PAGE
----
Bringing Finnish Innovation to New Markets
Finland has opened its doors to European investors and businesses and aims to forge new partnerships with its neighbours. With a population of only 5.3 million, Finland needs international ties to keep its economy thriving, and one area in which it hopes to step up cooperation is in research and development, according to Astrid Thors, Minister of Migration and European Affairs.
Open policy towards research financing
Astrid Thors explains, “We can win more from having an open policy towards research financing and innovation projects, providing equal access to those in other countries.” She adds that EU research programmes are very important but that smaller scale regional programmes, for example involving Nordic countries or the Baltic states, could be more productive.
One recent effort for Finland is a bilateral programme with Sweden to promote joint research projects. “We could try to go even further in the Nordic region, since we have already had free movement of labour among Nordic countries for 50 years,” Minister Thors says. She strongly supports the kind of regional cooperation represented by the EU Strategy for the Baltic Sea Region adopted in 2009.
“We can win more from having an open policy towards research financing and innovation projects, providing equal access to those in other countries.”
Long career in public service
Minister Thors was elected to serve in the Finnish Parliament in 2003 and served in the European Parliament between 1996 and 2004. Between 2005 and 2007 she was chairperson of the Swedish Assembly of Finland, and in 2007 she was chosen to be the new Minister of Migration and European Affairs. She has a wide ranging brief as minister; she handles matters covered by the Migration Department, equality issues under the Legal Affairs Unit, and the activities of the Office of the Ombudsman for Minorities and the National Discrimination Tribunal of Finland.
Astrid Thors also deals with international issues and matters related to appointments and personnel administration that fall within her field of competence. In addition, she directs financial planning and the preparation of budgets and other joint matters in her field. She has also handled issues involving the Government Secretariat for EU Affairs and the Secretariat for the Finnish EU Presidency.
EU as positive force internationally
The minister is committed to making Finland a productive EU member and to making the EU a positive force internationally, for example concerning the concept of transparency. She comments, “As for the future of the EU’s openness, transparency is an instrument as well as a value of the Union. At least we ‘Nordics’ very much treasure the principles of open decision making. Transparency does not only mean making documents available. It is a wider principle that allows those affected by decisions to know what is happening and how it is happening, not only the basic facts and figures, but also the mechanisms and processes through which those decisions have been taken. Transparency was one of our principal guidelines during the Finnish EU Presidency in 2006. To conclude: within the EU, we must give an example to others and, above all, act accordingly.”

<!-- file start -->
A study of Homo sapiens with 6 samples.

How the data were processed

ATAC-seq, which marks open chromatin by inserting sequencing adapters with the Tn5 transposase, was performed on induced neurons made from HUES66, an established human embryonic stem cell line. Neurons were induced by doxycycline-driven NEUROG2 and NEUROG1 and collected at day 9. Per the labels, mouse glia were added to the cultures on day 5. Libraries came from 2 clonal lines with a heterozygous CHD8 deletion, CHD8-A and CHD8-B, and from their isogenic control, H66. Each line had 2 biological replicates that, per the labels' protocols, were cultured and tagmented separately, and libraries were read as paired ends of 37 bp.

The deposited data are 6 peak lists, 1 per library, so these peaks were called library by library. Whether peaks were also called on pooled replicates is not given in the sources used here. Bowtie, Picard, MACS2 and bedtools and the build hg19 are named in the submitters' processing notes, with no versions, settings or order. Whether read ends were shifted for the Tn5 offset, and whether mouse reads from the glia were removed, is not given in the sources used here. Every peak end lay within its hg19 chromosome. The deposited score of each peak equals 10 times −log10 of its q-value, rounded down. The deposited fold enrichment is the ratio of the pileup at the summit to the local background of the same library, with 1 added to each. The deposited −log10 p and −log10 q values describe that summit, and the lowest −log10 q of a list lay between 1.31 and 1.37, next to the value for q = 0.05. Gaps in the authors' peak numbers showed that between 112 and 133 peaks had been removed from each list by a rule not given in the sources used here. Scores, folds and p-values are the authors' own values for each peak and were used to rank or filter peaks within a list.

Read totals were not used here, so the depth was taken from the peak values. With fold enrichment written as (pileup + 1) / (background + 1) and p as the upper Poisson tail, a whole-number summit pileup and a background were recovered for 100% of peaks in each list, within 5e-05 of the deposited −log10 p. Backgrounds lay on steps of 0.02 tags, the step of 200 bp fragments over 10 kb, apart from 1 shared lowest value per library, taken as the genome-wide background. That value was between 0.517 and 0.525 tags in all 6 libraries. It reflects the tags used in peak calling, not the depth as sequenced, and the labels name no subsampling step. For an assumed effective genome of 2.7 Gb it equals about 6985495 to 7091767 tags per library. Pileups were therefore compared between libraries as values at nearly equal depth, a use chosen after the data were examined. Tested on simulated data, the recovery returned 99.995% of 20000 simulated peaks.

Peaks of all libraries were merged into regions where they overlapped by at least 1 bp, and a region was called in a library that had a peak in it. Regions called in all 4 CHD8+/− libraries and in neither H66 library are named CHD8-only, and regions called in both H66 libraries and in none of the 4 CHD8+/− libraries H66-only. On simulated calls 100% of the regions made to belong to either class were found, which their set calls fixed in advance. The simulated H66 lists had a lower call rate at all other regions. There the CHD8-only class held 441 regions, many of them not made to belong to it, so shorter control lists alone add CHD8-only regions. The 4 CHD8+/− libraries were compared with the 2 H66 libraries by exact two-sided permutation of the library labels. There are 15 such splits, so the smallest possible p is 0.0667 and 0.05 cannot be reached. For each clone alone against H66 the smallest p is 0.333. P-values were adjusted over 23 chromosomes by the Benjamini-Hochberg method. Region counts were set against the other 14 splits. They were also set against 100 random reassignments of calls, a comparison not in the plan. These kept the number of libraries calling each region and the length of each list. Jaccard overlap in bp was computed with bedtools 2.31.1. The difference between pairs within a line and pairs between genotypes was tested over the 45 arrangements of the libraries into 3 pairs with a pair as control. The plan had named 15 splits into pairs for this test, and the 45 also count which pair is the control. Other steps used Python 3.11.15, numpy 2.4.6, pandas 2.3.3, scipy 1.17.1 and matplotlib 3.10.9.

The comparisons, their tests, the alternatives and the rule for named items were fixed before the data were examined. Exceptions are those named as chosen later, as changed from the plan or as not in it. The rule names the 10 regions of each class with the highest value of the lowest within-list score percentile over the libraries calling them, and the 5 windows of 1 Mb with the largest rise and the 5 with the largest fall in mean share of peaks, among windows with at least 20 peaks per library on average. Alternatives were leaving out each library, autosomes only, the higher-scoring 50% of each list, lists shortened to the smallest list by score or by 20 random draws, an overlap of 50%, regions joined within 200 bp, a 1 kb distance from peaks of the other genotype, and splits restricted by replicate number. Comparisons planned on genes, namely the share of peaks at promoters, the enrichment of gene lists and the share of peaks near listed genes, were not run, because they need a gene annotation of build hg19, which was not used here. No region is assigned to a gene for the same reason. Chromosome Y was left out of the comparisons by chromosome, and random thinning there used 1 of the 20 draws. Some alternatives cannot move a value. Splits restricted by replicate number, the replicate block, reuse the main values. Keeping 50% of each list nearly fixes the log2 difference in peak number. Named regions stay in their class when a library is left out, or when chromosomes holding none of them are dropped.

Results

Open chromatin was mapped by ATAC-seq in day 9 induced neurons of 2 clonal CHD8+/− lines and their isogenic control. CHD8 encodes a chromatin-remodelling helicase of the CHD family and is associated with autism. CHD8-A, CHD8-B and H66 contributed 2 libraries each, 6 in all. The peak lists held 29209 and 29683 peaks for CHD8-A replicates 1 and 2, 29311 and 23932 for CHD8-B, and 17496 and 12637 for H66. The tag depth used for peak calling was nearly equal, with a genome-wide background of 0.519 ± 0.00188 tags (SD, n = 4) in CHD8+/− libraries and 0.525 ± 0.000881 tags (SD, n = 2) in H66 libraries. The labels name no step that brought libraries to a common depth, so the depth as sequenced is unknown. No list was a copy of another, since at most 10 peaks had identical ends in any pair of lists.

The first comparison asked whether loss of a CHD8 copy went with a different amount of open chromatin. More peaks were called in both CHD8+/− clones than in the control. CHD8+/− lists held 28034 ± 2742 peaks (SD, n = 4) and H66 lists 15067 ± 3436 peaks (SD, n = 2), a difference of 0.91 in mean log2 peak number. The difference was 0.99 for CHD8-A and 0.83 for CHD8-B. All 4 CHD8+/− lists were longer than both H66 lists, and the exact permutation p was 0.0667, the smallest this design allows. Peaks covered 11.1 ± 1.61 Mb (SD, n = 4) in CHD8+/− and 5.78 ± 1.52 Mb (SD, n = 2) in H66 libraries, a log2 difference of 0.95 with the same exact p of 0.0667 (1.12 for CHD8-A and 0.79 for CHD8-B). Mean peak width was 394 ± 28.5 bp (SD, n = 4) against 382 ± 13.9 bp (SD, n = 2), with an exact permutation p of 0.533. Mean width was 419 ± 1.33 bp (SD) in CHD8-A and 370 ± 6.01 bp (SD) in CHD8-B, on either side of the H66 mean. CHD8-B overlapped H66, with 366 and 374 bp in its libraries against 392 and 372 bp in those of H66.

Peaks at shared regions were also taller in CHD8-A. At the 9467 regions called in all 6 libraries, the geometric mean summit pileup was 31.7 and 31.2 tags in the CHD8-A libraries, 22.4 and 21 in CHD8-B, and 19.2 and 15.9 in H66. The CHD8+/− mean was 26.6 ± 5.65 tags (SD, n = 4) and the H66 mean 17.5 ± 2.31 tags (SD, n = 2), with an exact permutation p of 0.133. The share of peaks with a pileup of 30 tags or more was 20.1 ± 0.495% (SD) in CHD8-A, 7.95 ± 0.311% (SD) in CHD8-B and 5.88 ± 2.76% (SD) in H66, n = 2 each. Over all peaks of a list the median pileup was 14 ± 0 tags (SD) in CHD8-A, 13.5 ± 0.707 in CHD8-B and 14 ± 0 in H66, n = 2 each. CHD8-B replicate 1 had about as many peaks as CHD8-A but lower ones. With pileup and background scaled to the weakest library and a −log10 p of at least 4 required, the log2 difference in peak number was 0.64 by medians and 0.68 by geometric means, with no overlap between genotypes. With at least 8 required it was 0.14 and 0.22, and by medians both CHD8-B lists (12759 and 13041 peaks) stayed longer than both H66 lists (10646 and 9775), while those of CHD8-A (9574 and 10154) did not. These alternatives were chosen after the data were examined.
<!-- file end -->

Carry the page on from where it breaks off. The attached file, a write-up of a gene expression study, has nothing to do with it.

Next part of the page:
Taking innovation programme to the next level
One way Finland is already serving as a positive example is in its focus on innovation, but taking the country’s innovation programme to the next level is necessary, Astrid Thors believes. She points out that Finland has established a strong innovation system, but that the country needs to encourage more cooperation between business and the research sector to help bring innovative new ideas to the marketplace. “We need to tie our research activities more closely to concrete challenges,” she says. Finnish research institutions are already working with the forestry, energy and ICT sectors and the minister hopes to see more cooperation like this in other sectors.
Promoting partnerships among Finnish universities is another goal for the minister. “We had one Finnish university that came up with an innovative idea but lacked the capital to develop it. Now we hope to see Finnish universities pool their resources to help each other,” she explains.
Marketing Finland internationally
Another key effort for Finland is to market itself internationally. As the minister points out, “Here in Finland we are very good at innovation but not so good at marketing. We are just as industrious as the Japanese, but we are also able to work individually and reach solutions. We need to make the world aware of this!”
The government is also encouraging entrepreneurship. Astrid Thors explains, “In the Vaasa region, many people could not accept that their companies had moved away from there so they launched businesses of their own, using their knowledge of the market. This is what we need: more Finnish people with market knowledge who are also entrepreneurial. Innovative smaller Finnish companies have immense potential to succeed in the EU marketplace.”